Is an ethical AI even possible?

Ethics is the reflection on moral judgements. It is concerned with questions like “What shall I do?”, “What do we owe to each other?”, and “In what society do we want to live in?”. It refers not only to standards of valid inference, but also to ethical principles and values.

The term “Artificial intelligence” is colloquially used to describe machines that mimic cognitive functions which are usually associated with the functions of human minds like understanding, learning, and problem-solving.

Artificial intelligence, thus, raises a great number of philosophically and ethically interesting questions. For instance, it challenges our understanding of the very essence of intelligence. It also raises questions on moral agency and on ethical standards and guidelines for the development, application, and oversight of algorithms and machine learning systems.

What does it mean for an AI to be “ethical”? There are several ways to understand this question. Are the aims that an AI is designed for ethically legitimate? Is the design-process carried out in a way that does not violate ethical standards? Does the design of the AI itself comply with ethical principles? Or, does it, for instance, perpetuate and reinforce stereotypes and, thus, discrimination against certain groups?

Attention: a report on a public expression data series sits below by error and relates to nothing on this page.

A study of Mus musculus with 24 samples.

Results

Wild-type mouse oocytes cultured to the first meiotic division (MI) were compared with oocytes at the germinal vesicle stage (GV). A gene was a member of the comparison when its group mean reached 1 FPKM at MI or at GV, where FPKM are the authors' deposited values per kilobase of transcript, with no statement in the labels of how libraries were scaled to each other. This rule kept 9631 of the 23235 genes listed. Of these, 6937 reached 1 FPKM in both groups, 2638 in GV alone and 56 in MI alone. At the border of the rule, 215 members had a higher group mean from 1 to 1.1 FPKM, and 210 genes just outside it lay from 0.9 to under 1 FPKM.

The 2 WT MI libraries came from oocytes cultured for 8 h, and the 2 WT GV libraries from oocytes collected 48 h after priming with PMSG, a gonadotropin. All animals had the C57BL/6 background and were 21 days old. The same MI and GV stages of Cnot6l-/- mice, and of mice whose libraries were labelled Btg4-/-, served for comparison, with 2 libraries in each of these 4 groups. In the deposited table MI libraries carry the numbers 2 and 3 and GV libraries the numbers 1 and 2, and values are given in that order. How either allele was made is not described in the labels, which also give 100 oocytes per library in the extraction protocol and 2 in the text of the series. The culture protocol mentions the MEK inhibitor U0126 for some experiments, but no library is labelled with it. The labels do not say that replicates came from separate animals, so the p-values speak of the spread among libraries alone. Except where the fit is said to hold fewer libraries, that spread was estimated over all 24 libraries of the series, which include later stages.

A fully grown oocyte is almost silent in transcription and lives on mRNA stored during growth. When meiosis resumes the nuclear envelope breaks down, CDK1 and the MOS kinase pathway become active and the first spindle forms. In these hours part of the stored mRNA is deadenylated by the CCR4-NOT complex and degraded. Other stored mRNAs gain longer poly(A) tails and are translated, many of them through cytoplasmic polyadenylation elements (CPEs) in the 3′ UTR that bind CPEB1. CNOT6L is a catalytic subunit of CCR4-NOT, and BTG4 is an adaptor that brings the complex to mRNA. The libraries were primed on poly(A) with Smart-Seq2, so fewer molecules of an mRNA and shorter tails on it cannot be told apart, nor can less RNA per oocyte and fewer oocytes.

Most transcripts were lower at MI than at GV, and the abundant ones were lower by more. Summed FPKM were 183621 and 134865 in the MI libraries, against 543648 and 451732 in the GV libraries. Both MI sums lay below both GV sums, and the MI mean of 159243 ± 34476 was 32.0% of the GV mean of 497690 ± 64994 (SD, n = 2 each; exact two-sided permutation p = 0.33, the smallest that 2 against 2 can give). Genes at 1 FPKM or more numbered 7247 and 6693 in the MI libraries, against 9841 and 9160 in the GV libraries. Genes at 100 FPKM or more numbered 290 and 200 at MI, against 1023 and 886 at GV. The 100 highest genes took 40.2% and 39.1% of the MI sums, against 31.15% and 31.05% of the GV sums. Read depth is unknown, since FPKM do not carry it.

Since machine learning systems “learn” from patterns they aggregate from past data, they infer from what has always been this or that way how it is going to be – and they might be very successful with their prognosis. However, whatever happened in the past, or (allegedly) has always been a certain way, does not give us an answer on how it should be.

Very often algorithms are explicitly or implicitly value-laden. The values and judgments of AI designers inform the set up and therefore the outcome of AI. This is unavoidably so. We, however, have to be aware of this and act accordingly: Designing ethical AI is an enormously complex task which bestows great responsibility on the developers.

The deeper an AI affects people’s lives, their prospects and the distribution of societal goods, the greater the case for transparency, ethical reflection and supervision.

WeNet is aware of the complexities of our social and moral world(s) and is aspiring to design a context-sensitive and diversity-sensitive AI that avoids the pitfalls of statistical discrimination and stereotyping.

Article by Dr. Karoline Reinhardt, Researcher at International Center for Ethics in the Sciences and Humanities (IZEW) at Eberhard Karls Universität Tübingen.